Smart policy can restore food deserts

A ‘food desert’ is an urban area where people face serious physical and economic obstacles to accessing healthy foods, especially without access to a personal vehicle.

Here in Saskatoon, we had a large food desert that was restored to sustainability by a co-operative grocery store. Now that it has closed after three and a half years of operation, healthy food access is once again a problem in Saskatoon’s inner city.

The Good Food Junction announced on January 14th that it would be closing its doors due to low sales. As part of a group of researchers and community organizations which have been studying the impacts of Saskatoon’s Good Food Junction since it opened in 2012, I immediately began receiving phone calls from the media asking me why the store failed.

For our research we went door-to-door in the surrounding neighbourhoods and asked people questions about how they access food. We wanted to know which grocery story they used most often, how they traveled to and from that store, whether they use any of the community-based food resources in the city, and the size and income of their household.

The first thing we learned was that of residents in the neighbourhoods surrounding the Good Food Junction, over a third have household incomes of less than $20,000, and more than half are less than $30,000. With household incomes this low, and given what we know about the cost of housing in Saskatoon, it’s likely that a large proportion of households in Saskatoon’s core neighbourhoods are buying minimal if any food, let alone at the Good Food Junction.

We also studied sales data at the Good Food Junction over a one-year period. We found that a large proportion of sales were for less than $10, which is not enough to support even a not-for-profit store. Small purchases are consistent with low incomes and people having very little money with which to buy food.

Our analysis also showed those living near the Good Food Junction spent more on vegetables and less on meat and prepared foods than people living further away. This tells us the store was being used for the importantly nutritious foods they couldn’t buy anywhere else,  and not just to buy the same foods available in neighbourhood convenience stores.

"Many people in the neighbourhood are just too poor to shop there (or anywhere else)."

We also followed about 150 regular Good Food Junction shoppers for a year and asked them questions about their health, how they access food, and their household characteristics. We found 1 in 3 were ‘moderately food insecure’, compromising on the quality and quantity of food they were eating due to not having enough money. More than 1 in 5 were ‘severely food insecure’, eating less food regularly and sometimes skipping eating for whole days. This means that over half of the shoppers we studied were struggling with some form of food insecurity, much higher than the Canadian average of 8%.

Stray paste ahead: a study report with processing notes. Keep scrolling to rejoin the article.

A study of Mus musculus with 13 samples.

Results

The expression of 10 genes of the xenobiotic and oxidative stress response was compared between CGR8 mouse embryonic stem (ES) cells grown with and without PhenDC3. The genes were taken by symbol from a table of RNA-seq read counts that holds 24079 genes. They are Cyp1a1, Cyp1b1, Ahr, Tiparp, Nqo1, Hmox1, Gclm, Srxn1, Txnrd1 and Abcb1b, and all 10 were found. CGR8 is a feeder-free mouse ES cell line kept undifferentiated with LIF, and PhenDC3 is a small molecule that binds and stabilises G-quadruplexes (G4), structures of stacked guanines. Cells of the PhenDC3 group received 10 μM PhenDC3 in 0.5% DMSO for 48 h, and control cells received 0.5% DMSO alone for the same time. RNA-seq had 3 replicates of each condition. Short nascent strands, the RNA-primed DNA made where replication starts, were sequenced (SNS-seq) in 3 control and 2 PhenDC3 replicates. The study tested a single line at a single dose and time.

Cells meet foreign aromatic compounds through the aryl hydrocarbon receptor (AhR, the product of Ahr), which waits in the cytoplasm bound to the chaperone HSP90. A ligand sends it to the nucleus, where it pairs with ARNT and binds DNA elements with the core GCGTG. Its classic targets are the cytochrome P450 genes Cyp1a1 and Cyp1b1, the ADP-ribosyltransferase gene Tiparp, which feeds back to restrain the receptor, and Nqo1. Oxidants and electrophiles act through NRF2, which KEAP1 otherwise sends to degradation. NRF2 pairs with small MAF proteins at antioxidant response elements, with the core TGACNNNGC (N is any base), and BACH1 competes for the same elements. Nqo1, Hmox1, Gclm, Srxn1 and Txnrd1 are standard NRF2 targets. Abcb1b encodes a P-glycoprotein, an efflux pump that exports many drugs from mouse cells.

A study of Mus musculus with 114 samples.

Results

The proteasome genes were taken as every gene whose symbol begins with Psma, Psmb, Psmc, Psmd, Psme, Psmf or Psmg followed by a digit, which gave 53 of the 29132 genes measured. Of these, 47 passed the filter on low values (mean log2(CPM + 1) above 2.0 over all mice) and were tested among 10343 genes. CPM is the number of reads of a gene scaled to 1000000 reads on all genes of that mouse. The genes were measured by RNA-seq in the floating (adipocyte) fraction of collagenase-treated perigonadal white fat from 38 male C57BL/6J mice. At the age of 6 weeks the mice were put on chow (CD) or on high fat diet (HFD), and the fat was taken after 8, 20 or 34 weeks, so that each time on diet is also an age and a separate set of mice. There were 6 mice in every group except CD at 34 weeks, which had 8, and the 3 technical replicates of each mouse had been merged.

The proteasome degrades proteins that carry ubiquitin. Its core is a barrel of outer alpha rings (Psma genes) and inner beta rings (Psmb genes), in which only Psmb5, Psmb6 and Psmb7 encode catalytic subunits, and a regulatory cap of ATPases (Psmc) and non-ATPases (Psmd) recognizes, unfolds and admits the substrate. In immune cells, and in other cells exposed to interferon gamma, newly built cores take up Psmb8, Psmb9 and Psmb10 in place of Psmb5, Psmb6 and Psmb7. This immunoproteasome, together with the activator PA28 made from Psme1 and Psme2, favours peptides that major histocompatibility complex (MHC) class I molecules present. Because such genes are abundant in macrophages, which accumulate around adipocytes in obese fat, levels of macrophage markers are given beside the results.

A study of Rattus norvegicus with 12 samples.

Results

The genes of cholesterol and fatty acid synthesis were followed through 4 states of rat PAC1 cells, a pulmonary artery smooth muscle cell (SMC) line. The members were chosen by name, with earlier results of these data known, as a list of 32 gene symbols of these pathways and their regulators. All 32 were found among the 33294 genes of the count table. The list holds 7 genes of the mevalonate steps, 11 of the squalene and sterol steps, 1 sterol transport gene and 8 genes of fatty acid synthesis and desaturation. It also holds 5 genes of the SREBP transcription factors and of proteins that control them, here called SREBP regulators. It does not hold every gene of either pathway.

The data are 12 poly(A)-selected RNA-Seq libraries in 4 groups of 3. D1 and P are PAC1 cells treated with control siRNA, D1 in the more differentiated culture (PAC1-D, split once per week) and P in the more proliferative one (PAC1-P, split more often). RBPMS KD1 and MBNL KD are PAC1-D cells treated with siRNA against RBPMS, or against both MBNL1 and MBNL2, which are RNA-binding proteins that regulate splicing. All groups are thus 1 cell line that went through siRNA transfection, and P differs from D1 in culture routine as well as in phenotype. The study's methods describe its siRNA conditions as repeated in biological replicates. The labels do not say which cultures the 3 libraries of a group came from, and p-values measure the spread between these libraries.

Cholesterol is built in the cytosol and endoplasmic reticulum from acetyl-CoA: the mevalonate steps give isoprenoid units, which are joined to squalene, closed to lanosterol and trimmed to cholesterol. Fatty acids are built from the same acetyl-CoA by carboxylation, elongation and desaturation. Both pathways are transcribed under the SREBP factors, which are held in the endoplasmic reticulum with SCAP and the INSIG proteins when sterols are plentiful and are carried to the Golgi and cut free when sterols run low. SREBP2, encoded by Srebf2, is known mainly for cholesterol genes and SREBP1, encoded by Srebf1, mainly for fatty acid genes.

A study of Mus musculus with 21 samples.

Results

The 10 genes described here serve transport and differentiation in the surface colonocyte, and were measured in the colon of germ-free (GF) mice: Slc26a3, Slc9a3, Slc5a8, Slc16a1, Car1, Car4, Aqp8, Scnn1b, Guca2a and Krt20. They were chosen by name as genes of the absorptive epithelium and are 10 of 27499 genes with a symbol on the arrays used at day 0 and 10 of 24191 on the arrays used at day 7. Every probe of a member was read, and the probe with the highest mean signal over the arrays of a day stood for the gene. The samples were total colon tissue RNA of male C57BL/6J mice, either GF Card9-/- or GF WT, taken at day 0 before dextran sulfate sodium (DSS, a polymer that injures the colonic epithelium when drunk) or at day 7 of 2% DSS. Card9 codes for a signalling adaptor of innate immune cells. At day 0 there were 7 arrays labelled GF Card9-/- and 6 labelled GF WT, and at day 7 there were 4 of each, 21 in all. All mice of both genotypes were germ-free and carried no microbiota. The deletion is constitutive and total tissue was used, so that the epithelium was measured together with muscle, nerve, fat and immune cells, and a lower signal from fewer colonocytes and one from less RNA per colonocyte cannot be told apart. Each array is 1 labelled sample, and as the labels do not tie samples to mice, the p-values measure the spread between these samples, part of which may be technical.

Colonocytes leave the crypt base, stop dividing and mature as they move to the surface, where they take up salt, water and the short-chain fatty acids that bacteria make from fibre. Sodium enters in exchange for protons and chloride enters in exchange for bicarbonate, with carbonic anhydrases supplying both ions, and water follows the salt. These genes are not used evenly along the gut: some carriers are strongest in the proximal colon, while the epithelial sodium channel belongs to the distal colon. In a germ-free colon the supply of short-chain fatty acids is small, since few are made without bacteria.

Researching door-to-door we also asked them if they used community food resources. This includes charities like the Saskatoon Food Bank and Learning Centre, Good Food Boxes and community gardens organized by CHEP, and many others. Almost 3 in 4 households used at least one of these community food resources, with some using up to 4 of them. More than 40% of households reported using charitable food sources such as food bank hampers and meal programs, another figure far higher than the national average of 3%.

All of this data put together tell us one of the main reasons for the Good Food Junction closing, is that many people in the neighbourhood are just too poor to shop there (or anywhere else). They are instead  having to resort to charity to feed themselves and their families. That should not be acceptable anywhere, let alone in a rich country such as ours.

If poverty is the real problem, then we need to increase incomes. There are at least a couple of different ways we can do that.

3654654.jpg1)      Provincially, we can work to ensure all workers are paid a living wage that reflects the actual costs of living in a particular community. This would mean workers can have one full-time job covering all of their basic needs, so they can contribute to their communities in meaningful ways.

2)      Federally, we can contribute to efforts to establish a Guaranteed Basic Income for those who are not employed. A Guaranteed Income would be similar to programs we already have for seniors and we have decreased poverty in that age group.

It would extend the income supports we give seniors to the whole non-working population in Canada, and there’s evidence to show that it would likely not be as expensive as we might think, partly because of savings in healthcare, social services and the justice system.

If we put these provincial and federal policy solutions into place then inner city businesses such as the Good Food Junction would thrive, inner cities would be much more vibrant economic communities and population health would benefit.